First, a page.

When I heard there was an Australian film releasing that was freely boasting of being shot in Byron Bay, I rolled my eyes, expecting a tourism ad. So, when I finally saw Tyler Atkins’ feature debut, Bosch & Rockit, I was pleasantly surprised. What Atkins provided instead of my cynical assumptions was a heartfelt ode to fatherhood through the lens of a boy coming of age with a criminal dad.
The story, which is inspired by true events, follows the titular Bosch (Luke Hemsworth) and Rockit (Rasmus King). They lead pleasant lives on the NSW coastline, but it’s hampered by two things: one Rockit’s mum Elizabeth (Leeanna Walsman), has left them, and two Bosch funds their lives by being a drug dealer. It isn’t long until the second of these issues flares, and Bosch is forced on the run to Byron Bay to hide from the police, who have discovered his drug trade.
What I expected to follow was a wild goose chase, but that takes a back seat, and instead, we get a touching story of an ostracised boy finding his place in the world. See, Rockit can’t read well, and he’s bullied in school for it. So much so he often doesn’t go; he heads to the beach and does what he loves most in the world, surf. If there’s one thing Aussie movies get right consistently, it’s the wonder of the surf. It was magical in Simon Baker’s Breathe, and it remains so here. It’s perhaps Australian cinema’s greatest asset, and it’s always a joy to see it presented so beautifully.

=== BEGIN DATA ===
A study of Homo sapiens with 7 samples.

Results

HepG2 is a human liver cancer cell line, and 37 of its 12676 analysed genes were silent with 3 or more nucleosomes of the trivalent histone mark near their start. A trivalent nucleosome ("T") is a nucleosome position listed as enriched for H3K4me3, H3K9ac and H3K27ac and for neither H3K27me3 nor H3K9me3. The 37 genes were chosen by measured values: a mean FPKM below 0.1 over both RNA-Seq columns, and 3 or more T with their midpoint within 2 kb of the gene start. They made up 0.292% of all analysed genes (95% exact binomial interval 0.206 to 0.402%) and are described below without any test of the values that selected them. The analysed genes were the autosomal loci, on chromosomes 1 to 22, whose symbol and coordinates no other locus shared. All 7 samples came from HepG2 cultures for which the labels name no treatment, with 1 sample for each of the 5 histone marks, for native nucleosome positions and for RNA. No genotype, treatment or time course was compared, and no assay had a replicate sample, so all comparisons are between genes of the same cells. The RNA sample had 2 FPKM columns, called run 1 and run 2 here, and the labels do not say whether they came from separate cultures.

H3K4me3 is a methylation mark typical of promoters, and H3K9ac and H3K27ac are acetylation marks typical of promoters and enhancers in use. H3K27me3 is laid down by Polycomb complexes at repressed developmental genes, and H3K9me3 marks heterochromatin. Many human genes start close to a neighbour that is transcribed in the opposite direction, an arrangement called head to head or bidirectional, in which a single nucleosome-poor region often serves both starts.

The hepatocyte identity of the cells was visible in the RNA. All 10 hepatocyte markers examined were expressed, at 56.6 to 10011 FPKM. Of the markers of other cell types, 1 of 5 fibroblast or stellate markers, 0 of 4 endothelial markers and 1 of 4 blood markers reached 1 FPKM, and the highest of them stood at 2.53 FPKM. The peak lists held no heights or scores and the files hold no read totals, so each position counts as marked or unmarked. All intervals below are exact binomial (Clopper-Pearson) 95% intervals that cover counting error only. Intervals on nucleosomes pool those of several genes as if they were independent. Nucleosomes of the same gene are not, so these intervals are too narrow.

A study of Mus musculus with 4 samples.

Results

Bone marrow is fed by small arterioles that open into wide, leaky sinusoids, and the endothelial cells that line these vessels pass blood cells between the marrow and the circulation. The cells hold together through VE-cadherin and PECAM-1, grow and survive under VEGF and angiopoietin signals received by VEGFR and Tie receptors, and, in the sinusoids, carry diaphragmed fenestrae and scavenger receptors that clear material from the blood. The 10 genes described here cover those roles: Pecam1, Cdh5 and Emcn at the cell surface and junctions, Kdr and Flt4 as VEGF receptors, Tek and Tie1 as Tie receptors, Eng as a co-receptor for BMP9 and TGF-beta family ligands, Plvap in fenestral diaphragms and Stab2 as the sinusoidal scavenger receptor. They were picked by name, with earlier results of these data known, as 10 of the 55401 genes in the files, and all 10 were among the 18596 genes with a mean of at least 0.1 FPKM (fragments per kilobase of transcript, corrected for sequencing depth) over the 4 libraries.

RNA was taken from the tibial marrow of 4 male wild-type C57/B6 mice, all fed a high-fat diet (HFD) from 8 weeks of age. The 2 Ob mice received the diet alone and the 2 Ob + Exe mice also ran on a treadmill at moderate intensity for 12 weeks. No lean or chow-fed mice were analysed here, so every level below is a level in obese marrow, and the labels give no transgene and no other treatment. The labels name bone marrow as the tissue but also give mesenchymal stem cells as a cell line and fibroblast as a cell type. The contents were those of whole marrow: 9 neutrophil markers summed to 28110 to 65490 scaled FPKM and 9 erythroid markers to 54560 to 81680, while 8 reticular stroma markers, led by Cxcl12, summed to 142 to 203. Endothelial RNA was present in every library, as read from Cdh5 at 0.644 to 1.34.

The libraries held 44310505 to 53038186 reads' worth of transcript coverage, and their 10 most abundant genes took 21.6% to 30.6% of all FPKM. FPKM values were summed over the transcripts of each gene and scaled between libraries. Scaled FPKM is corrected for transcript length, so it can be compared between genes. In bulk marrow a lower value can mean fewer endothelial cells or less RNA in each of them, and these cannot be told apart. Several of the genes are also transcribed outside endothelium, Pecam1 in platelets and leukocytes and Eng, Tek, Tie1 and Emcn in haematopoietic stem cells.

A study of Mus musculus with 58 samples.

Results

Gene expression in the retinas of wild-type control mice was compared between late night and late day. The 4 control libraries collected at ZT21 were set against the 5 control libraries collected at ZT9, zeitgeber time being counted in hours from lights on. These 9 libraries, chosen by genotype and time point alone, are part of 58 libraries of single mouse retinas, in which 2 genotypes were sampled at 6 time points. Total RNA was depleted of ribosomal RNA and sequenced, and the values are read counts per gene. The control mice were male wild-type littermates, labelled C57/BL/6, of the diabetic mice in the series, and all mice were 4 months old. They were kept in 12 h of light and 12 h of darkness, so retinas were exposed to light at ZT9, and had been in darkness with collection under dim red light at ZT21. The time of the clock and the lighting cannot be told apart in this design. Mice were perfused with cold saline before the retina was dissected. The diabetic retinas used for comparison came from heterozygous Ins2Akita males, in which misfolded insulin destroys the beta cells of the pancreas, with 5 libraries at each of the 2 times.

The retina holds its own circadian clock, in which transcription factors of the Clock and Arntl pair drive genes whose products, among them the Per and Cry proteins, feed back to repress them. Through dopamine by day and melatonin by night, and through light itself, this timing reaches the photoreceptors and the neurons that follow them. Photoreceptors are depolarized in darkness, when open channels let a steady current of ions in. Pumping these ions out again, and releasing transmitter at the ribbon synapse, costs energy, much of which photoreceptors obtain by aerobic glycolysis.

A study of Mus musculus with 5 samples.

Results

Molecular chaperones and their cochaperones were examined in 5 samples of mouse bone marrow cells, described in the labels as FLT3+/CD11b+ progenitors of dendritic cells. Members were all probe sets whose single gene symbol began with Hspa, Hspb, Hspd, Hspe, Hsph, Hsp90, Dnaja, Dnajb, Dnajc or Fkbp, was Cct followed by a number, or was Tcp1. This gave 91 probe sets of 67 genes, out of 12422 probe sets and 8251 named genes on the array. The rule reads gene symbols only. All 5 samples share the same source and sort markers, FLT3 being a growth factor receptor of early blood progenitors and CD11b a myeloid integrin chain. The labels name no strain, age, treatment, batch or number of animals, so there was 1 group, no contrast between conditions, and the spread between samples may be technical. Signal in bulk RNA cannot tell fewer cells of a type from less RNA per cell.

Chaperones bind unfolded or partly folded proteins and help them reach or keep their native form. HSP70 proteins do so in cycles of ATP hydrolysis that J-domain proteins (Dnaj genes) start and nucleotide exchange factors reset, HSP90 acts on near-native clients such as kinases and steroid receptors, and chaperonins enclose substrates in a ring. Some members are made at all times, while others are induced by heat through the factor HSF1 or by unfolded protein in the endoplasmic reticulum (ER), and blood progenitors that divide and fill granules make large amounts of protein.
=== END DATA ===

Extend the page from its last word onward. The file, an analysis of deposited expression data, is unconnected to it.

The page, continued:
The film from there is much like the surf, calm at points but hectic and challenging to traverse at times. However, the current through it all is the relationship between a boy and his father, which is solidified through King and Hemsworth’s performances. Joining them and delivering a strong performance is Savannah La Rain, who plays Ash, a young girl who finds Rockit to be her only friend while on holiday in Byron Bay. As an ensemble, they are the key players, and they level the often very high drama into something touching when it easily could have been volatile.
The pacing in the middle of the film is where things go slightly awry. There’s a set piece where a character is rushed to a hospital that feels more forced than necessary, and a key member of that sequence later leaves the film off-screen. It’s a minor issue in the overall experience, but it is noticeable. Perhaps the ending will also garner disapproval as it ends with a comma rather than a full stop, but I found it poignant. Not every story needs to be tied into a bow, and leaving things where Atkins does feels like the right decision.
On the tourism front, I can safely say that if this is another sly Screen Australia tourism ad, at least it’s an enjoyable one. The issue isn’t so egregious that every Australian film is set in a gorgeous tourist location, but it does happen more than it should. All in all, though, if they must be made, make them like this.
Bosch & Rockit is one of the best Australian films of the year, thanks to the fantastic and moving work of Luke Hemsworth and Ramus King in the titular roles. As a debuting director, Tyler Atkins should be very proud, and I am eager to see what comes from him next.